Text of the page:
Mortgages Tips

Older homeowners are being failed by poor equity release advice, warns City watchdog


Older and vulnerable homeowners are being lured into expensive equity release plans without being offered proper advice by some firms in the sector.

A review by the City watchdog, the Financial Conduct Authority, found multiple failings in the equity release market. In some cases, firms had not properly analysed a customer’s personal circumstances and finances before selling them a plan.

When challenged by the regulator, there were occasions when companies were unable to demonstrate that the advice given was suitable. This included instances where customers looking for equity release were not challenged on whether such plans were cost-effective.

Equity release plans have boomed in popularity in recent years as older homeowners have looked to release cash from properties which have risen significantly in value.

However the sector has been dogged by controversy. The cost of loans can quickly mount given the compounded way interest is charged, something which can leave older people with little or nothing to pass on to their heirs. 

Providers have also been criticised for applying hefty exit penalties to customers looking to escape their loans. Telegraph Money has reported on cases where older homeowners have been asked to pay tens of thousands of pounds in charges to switch their loan to a cheaper interest rate with another provider.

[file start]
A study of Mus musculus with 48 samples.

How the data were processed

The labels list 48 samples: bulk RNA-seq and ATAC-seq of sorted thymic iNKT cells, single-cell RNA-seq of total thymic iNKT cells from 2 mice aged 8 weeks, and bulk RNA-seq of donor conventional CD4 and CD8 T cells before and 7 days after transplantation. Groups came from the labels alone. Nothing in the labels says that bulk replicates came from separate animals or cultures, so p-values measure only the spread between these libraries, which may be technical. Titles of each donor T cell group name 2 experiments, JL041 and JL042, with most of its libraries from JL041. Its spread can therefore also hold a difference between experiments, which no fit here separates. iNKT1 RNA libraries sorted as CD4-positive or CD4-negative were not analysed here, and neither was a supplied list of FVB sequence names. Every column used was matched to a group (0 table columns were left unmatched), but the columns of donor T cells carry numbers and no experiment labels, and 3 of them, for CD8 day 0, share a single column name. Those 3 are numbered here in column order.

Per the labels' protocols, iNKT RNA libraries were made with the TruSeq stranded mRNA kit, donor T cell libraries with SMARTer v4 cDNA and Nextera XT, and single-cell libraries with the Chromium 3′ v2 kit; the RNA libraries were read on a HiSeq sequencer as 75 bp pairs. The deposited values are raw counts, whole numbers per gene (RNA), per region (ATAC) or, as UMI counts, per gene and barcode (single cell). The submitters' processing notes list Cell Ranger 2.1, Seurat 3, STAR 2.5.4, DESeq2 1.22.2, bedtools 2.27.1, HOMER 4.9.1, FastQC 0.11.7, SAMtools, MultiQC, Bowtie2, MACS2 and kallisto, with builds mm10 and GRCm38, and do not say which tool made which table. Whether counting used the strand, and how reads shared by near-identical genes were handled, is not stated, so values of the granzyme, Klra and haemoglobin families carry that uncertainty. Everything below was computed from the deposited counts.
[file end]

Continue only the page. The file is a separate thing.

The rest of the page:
The FCA said many aspects of the market were working well for customers, but it warned that the coronavirus pandemic could lead to an increase in the number of homeowners releasing equity.

Many will be looking to pass wealth on to children and grandchildren who are struggling financially because of the crisis. All equity release sales must be done through a financial adviser, but the watchdog said customers should be informed when other forms of borrowing would be much cheaper. 

Jonathan Davidson, of the FCA, said: “Deciding to enter into a lifetime mortgage is a big decision with a big financial impact for consumers.

“It is therefore critical that advice offered to consumers looking at lifetime mortgages is suitable to their personal circumstances. It is clear from our review that advice being offered to such consumers, including some vulnerable consumers, is still not up to scratch.”

The Equity Release Council, the industry pressure group, said that equity release represented fewer than 2pc of all complaints about home finance.